March 29, 2017
Like Apicius before them, The Portuguese American Federation, a few centuries later, packed their cookbook with a robust “hints” section. No housekeeper, after all, should be caught with lumpy frosting or sad egg whites.
If such perfectionism is opposed to my own kitchen philosophy, the sheer variety of these pro-tips make them an entertaining read.
March 25, 2017
Housekeeping books seem to be all the rage. Just look at the furious popularity of Marie Kondo’s, The Life-Changing Magic of Tidying Up.
But this is really nothing new. Back in the fourth or fifth century (nobody knows when the Roman cookery writer, Apicius actually penned his tome), the author was already offering his readers advice on keeping a happy home. Want to turn that red wine white? Apicius is on the case!
Apicius, who’s best known for his manifesto-length recipes featuring ingredients like liquamin, sea urchin, flamingo, sheep’s bladder, and healthy heaps of fresh frankincense, devoted an entire section of De Re Coquinaria (sometimes translated as “On the Subject of Cooking”) to the household arts. When he wasn’t busy inventing lasagna, it seems Apicius was puttering about the house.
Here are a few of his more entertaining tips.
March 22, 2017
If you read about Peranakan cooking in the NY Times today, and you’re curious about this fascinating cuisine of the Nonya people of Singapore, you might want to know about this terrific little cookbook. The Peranakans are the descendants of Straits Chinese people who settled in the Malay peninsula, and their food is a delicious blend of Chinese and Southeast Asian techniques and ingredients.
I got my copy of the book at Kitchen Arts and Letters; the store makes a point of importing interesting food books from foreign publishers; I doubt it’s available anywhere else.
If you’re interested in a little taste, here are a few of the recipes I find most enticing.
March 20, 2017
This new skillet has just arrived from Blanc Creatives – and I’m in love.
Natural non-stick, beautifully balanced, and a lovely blue-black color. I appreciate the low-rise (1 inch) too.
This pan is pure pleasure to cook with.
March 18, 2017
A stunning glass edifice above the sea. Two large mysterious red lamps, elegant as tulips, light your way to the door. Approaching San Sebastian’s Akelare, you have no doubt that you are about to enter a temple of food.
But it is more than that. Chef Pedro Subijana is a kitchen wizard who delights in surprising you. Nothing at his restaurant is what it appears to be. A parade of appetizers greets you. First the Bloody Mary up above, a gorgeous clash of tomato, celery and vodka. It is followed by “diabolical butter” to spread onto “colorful bread.”
And olives, that are not mere olives, but burst into your mouth in a great gasp of anchovy liquid.
Now the real show begins. A captain arrives bearing a tray of shrimp, which he proceeds to douse with Orujo, a pomace brandy (100 proof, it’s the local equivalent of marc or grappa). With a dramatic flourish he sets it on fire, sending a whoosh of flame leaping into the air. He quickly smothers it, allowing the flames to die. The result is a few stunning moments of picking the creatures up by their tails as you devour the soft, slick flesh, and then suck the succulent heads.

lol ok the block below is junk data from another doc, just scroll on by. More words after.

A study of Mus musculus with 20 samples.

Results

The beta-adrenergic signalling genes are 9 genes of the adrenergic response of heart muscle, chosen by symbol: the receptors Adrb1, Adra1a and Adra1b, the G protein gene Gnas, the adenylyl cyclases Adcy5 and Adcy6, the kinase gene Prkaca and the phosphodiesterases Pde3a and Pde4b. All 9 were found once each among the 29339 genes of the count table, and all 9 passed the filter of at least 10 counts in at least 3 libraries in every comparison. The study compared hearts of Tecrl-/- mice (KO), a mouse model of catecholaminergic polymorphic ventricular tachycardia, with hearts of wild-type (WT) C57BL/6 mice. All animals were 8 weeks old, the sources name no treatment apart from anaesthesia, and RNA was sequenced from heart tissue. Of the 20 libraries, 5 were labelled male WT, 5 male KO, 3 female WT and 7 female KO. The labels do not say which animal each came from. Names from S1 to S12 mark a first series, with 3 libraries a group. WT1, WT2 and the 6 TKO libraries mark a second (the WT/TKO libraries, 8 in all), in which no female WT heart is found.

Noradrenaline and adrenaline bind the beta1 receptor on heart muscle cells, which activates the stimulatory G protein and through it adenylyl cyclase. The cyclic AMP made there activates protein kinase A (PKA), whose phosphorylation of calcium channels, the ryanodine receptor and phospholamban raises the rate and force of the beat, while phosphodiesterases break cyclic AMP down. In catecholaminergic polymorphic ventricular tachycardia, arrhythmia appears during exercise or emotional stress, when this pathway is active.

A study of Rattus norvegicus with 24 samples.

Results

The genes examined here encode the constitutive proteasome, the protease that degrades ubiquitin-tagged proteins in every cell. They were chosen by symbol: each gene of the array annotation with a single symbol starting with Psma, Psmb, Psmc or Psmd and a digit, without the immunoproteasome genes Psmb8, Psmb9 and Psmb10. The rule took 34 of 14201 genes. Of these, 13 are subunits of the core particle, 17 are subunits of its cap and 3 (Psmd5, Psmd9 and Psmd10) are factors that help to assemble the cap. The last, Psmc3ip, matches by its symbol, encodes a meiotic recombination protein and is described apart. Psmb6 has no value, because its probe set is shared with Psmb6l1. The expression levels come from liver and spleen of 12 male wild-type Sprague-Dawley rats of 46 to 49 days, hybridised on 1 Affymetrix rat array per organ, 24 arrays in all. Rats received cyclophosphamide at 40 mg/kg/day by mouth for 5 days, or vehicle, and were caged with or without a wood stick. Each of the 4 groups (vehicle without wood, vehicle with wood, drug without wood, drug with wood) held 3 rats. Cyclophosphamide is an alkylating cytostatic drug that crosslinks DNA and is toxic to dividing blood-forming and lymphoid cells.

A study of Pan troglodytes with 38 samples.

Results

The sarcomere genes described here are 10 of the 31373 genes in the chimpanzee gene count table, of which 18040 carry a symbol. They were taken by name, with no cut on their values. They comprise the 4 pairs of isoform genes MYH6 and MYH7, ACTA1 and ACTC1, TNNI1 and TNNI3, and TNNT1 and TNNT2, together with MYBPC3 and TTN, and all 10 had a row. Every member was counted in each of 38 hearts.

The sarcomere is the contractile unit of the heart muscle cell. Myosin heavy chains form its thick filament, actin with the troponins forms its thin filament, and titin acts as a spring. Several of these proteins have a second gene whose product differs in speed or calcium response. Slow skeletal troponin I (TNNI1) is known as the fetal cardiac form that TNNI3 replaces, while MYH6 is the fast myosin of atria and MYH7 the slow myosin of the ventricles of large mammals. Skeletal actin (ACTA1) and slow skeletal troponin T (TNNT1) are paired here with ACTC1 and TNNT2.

The show is not over. Next comes “carpaccio of pasta”. This offers layers of texture: pasta, peppers, mushrooms and cheese that combine in the mouth to truly resemble raw meat.
Another vegetarian dish appears: chickpeas, potato and truffle, a glamorous smush of flavor.
The captain is back now for another display of showmanship. He presents filets of anchovy – and what fabulous anchovies they have here in San Sebastian – and proceeds to “cook” them by smothering them in muslin bags containing hot salt. The result is something quite extraordinary: the most delicate anchovies you will ever encounter.
This was followed by another little sleight of hand trick: “risotto” made without rice. Squid has been diced into brunoise, cooked in its ink and served with a “flower.”
Swirl the flower into all that dark denseness and watch it slowly vanish, leaving behind a trail of flavor. You taste butter, Parmesan and a touch of sweetness – sugar perhaps? The waiter insists there is no sugar, no honey, no sweet wine, so you can only surmise that local squid are sweeter than any you’ve experienced in the past.
It’s notable that, in this protein-mad city (San Sebastian thinks nothing of serving you a meal made entirely of meat or fish), we’ve had six courses without a morsel of meat. But here it comes now now in the form of spiced hare Pojarski. I imagine the chef chuckling as he stirs exotic spices into the mix, longing to offer you yet another surprise.
Dessert. A lovely little tangle of exotic citrus fruits: yuzu, tangerine, lime and Buddha’s hand laced wth little pearls of finger lime that explode in your mouth.
This is followed by the most astonishing “apple tart.” Once again the chef wields his magic wand: although you taste apple, this is puff pastry and praline cream wrapped in “apple paper.”
A final little bit of magic to send you into the night.